Rongbin Ge, MD PhD, Zongwei Wang, PhD, Jijun Li, PhD, Aria Olumi, MD.
MGH, boston, MA, USA.

BACKGROUND
Metformin, one of the most commonly used medications for treatment of type 2 diabetes, has emerged as a potential anticancer agent. The molecular mechanisms associated with the antitumor effect of metformin are still poorly understood. In this study, we show that metformin represses cancer cells via alternate pathways in N-Cadherin Wild type and N-Cadherin deficient cells.
METHODS
Cell viability and apoptosis were determined by MTT, TUNEL and FACS assays, respectively. Western blot and immunofluoresence staining were performed to evaluate protein expression. Various stable cell lines were generated in vitro and then injected into both flanks of nude mice to generate xenografts. Mice were treated with i.p. doxorubicin (every 5 days × 4 cycles with 4 mg/kg) or p.o.metformin (200 ug/ml, diluted in the drinking water). Xenograft tumor volume was measured every 5 days.
RESULTS
We found that metformin represses N-cadherin, independent of AMPK, in wild-type N-cadherin cancer cells. Metformin down-regulated N-cadherin in a dose and time- dependent manner, comparable to the N-cadherin specific antagonist, GC-4. Ectopic expression of N-cadherin rendered cells resistant to metformin. Silencing or over-expression of AMPK did not alter sensitivity of cancer cells to metformin in N-cadherin wild-type cells. In metformin-resistant cancer cells, N-cadherin level did not change with metformin treatment. Suppression of N-cadherin changed the phenotype of metformin-resistant to metformin-sensitive cells. We also found that NF-kB is a downstream molecule of N-cadherin and metformin regulated NF-kB signaling via suppression of N-cadherin, rather than direct modulation of NF-kB. Silencing of NF-kB in resistant cells sensitized the cells to metformin. We also found that metformin down-regulated N-cadherin and TWIST1 concurrently. Ectopic expression of TWIST1 regulated N-cadherin/NF-kB signaling and made cells more resistant to metformin. Suppression of TWIST1 sensitized resistant cells to metformin. Metformin inhibited growth of subcutaneously implanted xenografts. However, xenografts with high N-cadherin levels were resistant to metformin, while suppression of N-cadherin sensitized tumors to metformin.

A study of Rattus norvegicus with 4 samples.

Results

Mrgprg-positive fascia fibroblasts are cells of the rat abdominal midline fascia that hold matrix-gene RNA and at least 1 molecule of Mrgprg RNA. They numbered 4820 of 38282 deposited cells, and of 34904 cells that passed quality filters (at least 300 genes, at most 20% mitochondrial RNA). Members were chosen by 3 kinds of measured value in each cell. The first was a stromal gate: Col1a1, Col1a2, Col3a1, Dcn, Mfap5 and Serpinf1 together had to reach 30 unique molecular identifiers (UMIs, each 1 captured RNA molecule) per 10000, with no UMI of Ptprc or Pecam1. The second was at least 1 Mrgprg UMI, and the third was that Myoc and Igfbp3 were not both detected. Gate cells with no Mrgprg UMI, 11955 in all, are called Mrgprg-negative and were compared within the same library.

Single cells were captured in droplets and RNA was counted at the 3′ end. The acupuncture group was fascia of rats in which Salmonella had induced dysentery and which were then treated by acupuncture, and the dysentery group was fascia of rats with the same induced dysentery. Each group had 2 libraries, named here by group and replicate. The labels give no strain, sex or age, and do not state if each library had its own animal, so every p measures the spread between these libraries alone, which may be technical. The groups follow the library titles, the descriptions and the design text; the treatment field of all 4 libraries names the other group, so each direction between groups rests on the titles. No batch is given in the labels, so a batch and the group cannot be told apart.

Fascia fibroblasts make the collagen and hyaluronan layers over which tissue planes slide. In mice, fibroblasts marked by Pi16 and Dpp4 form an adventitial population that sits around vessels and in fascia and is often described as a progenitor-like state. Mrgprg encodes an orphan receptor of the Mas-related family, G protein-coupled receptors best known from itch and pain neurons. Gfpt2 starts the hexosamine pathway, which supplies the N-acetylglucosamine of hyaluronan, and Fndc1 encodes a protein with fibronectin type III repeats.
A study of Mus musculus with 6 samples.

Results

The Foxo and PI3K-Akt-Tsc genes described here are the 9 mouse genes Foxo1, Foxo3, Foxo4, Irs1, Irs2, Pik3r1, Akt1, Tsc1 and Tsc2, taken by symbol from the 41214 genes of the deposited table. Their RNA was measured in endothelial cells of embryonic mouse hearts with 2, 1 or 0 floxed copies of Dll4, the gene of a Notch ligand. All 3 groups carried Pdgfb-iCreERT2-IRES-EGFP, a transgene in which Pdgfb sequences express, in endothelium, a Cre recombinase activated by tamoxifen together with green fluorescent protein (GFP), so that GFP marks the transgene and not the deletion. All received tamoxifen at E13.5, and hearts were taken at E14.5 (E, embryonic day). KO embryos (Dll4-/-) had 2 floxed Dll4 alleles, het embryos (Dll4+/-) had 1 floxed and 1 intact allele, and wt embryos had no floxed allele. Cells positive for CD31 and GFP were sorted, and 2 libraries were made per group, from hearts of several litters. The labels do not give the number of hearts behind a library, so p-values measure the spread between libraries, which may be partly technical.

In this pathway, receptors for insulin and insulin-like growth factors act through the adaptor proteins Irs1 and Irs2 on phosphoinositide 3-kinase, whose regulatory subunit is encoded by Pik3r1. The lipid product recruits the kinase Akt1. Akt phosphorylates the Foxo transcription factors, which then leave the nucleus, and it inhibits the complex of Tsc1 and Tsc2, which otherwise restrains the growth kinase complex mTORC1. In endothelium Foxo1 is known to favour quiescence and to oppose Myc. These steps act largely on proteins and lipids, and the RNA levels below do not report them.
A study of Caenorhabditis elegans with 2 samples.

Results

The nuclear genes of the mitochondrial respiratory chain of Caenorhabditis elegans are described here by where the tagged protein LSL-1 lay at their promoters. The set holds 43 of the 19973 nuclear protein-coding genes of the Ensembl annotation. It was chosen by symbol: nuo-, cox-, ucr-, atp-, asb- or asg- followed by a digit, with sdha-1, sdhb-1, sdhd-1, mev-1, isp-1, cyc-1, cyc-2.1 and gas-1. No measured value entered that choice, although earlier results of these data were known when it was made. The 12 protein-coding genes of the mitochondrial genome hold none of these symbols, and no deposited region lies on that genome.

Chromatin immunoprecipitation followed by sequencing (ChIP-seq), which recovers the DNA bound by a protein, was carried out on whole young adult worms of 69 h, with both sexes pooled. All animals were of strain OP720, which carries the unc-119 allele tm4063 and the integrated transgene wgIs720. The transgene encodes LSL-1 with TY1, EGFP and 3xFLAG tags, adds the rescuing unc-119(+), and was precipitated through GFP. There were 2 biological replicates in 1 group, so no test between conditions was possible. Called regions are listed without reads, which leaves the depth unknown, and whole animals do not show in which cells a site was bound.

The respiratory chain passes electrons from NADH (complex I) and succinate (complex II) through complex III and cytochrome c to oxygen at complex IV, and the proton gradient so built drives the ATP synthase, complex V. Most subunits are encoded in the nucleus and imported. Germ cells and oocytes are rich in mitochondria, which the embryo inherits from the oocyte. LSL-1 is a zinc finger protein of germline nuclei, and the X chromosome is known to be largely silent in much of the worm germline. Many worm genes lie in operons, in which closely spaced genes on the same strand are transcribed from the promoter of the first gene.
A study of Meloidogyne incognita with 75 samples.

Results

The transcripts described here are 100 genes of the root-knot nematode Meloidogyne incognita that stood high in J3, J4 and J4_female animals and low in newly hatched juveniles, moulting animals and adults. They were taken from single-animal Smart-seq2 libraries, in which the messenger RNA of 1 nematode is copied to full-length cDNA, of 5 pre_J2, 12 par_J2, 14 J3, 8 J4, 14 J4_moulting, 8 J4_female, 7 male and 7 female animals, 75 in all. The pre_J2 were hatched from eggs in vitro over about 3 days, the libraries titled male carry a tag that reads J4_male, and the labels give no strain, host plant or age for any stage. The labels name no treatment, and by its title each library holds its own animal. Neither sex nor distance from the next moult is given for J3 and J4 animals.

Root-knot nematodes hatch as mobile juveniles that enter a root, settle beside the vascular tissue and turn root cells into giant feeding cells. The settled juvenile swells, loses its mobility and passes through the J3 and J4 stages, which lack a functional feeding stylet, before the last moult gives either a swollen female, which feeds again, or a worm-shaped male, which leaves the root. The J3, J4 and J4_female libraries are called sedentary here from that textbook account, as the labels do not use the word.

In N-cadherin deficient cancer cells, metformin played an antitumor role in a different manner by activation of AMPK. Suppression of AMPK in N-cadherin deficient cells changed the cells to a more metformin-resistant phenotype. In addition, ectopic expression of N-cadherin attenuated AMPK’s ability to suppress NF-kB, leading to a more metformin resistant phenotype. Compound C, a specific AMPK inhibitor, masked the therapeutic effects of metformin. Similar to the in vitro findings, suppression of AMPK in xenografts rendered tumors resistant to metformin.
CONCLUSIONS:
We suggest that metformin’s anti-cancer therapeutic effect in N-cadherin wild-type cells may be mediated through repression of the TWIST/N-cadherin/NF-kB signaling pathway, independent of AMPK. However, in N-cadherin deficient cells, metformin plays an antitumor role via activating AMPK. Elucidating the molecular pathways responsible for metformin’s anti-cancer effect may help delineate its role for cancer therapies.